This week I got to talk about the spirituality of childbirth with a new friend who's doing a project on this for a class. What I found out, as she interviewed me about my experience of being pregnant and giving birth, is that while I experienced it as deeply spiritual, I didn't, necessarily, experience it as Christian in any obvious external way. Maybe it's just that I'm a bad Christian, but I don't think so.
Perhaps surprisingly, I didn't theologize a lot about what it meant to be pregnant. It wasn't something I wanted to thematize, or abstract from. It was something to cherish experiencing, and so I spent most of it just trying to be in the moment. Writing little notes to Clare in her little purple journal while she was born was part of that, I think.
One theological thing that I did find myself with was a much more concrete conviction that God is a God of life. Instead of being a principle enshrined in a theological system, suddenly, God as a God of life was concretely located in the ever-growing massive space between my ribs and my pelvis, kicking and wriggling and declaring her living goodness. I was in awe of the process, in awe of my own body, and hers, and in awe of the resilient fragility of it all.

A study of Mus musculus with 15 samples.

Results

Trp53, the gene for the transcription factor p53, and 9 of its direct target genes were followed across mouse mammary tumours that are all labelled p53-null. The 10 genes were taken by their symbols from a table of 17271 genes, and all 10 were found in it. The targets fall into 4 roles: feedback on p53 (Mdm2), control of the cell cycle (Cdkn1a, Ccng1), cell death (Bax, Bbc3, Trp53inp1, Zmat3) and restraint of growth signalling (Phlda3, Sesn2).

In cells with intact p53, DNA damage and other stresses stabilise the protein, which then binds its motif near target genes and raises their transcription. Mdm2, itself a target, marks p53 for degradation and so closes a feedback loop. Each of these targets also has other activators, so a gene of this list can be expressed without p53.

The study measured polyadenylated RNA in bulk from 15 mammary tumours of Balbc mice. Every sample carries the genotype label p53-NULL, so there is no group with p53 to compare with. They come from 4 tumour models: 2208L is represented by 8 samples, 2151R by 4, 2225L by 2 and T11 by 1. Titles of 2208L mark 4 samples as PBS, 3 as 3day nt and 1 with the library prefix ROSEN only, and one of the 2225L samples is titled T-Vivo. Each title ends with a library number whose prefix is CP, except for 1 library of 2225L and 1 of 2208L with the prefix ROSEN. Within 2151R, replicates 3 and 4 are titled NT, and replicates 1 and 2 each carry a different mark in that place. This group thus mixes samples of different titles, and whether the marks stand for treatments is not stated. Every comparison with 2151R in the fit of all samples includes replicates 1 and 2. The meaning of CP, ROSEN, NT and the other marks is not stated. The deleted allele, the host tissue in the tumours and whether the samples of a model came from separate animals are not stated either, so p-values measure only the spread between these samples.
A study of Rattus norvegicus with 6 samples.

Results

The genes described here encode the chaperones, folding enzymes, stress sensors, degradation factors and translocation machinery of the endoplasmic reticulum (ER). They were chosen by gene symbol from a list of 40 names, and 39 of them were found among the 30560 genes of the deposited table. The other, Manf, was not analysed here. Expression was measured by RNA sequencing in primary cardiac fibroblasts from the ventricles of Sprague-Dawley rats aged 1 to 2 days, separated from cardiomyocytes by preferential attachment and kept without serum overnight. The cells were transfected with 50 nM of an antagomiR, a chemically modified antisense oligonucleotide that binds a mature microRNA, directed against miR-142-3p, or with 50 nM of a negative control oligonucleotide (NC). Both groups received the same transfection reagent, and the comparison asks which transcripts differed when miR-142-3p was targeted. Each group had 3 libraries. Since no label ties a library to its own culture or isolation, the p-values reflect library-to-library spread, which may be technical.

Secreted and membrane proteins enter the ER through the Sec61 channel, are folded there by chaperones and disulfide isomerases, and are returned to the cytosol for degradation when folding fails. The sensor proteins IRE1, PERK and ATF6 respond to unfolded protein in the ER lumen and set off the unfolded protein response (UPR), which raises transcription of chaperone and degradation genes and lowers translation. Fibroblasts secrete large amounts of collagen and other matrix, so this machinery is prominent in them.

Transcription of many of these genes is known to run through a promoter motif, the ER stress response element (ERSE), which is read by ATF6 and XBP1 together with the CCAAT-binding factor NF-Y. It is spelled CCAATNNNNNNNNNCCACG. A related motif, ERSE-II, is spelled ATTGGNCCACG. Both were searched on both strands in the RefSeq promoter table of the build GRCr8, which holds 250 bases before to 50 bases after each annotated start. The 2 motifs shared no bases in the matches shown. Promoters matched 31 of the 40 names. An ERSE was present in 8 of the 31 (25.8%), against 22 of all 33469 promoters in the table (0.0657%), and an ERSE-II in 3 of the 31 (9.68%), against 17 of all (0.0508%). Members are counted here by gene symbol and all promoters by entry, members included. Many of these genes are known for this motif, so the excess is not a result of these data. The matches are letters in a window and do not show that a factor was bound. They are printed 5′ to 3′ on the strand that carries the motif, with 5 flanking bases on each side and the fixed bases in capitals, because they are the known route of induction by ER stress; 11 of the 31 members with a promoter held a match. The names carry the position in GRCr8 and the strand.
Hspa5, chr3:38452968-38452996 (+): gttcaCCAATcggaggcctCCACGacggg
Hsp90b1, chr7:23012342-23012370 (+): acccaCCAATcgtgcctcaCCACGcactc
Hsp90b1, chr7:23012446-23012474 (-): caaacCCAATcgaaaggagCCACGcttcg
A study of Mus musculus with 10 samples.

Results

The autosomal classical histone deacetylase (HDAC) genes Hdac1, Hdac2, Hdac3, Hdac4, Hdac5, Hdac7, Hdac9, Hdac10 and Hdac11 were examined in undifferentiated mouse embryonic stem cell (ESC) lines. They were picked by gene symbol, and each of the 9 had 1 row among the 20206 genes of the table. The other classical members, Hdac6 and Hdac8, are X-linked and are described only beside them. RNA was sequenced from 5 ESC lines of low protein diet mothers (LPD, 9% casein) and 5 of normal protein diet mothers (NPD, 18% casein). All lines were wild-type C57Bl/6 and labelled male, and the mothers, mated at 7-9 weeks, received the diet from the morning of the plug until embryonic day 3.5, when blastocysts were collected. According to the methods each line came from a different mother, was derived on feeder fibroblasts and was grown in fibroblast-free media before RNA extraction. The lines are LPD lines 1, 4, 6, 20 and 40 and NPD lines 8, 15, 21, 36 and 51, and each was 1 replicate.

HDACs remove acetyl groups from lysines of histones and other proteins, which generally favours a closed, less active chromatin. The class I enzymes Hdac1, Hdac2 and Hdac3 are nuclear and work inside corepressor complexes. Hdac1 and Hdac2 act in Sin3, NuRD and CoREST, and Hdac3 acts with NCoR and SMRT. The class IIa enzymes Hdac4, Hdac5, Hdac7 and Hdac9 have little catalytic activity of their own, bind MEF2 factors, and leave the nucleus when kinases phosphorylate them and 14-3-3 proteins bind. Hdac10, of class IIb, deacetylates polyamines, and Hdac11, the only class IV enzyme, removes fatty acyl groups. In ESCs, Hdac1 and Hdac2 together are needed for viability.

For comps, I read an essay by Rahner, anthologized in the Theological Investigations, that discussed childbearing as absolute risktaking. That struck a chord with me, being about 6 weeks pregnant at the time, when everything was still a huge unknown waiting to happen. Rahner argued that childbearing must have this character. I remember thinking as I read it that really, this is simply an instance of life where life's true character as risktaking is more evident than it is day-to-day. Life is risk. It takes faith to negotiate it, and to bear it.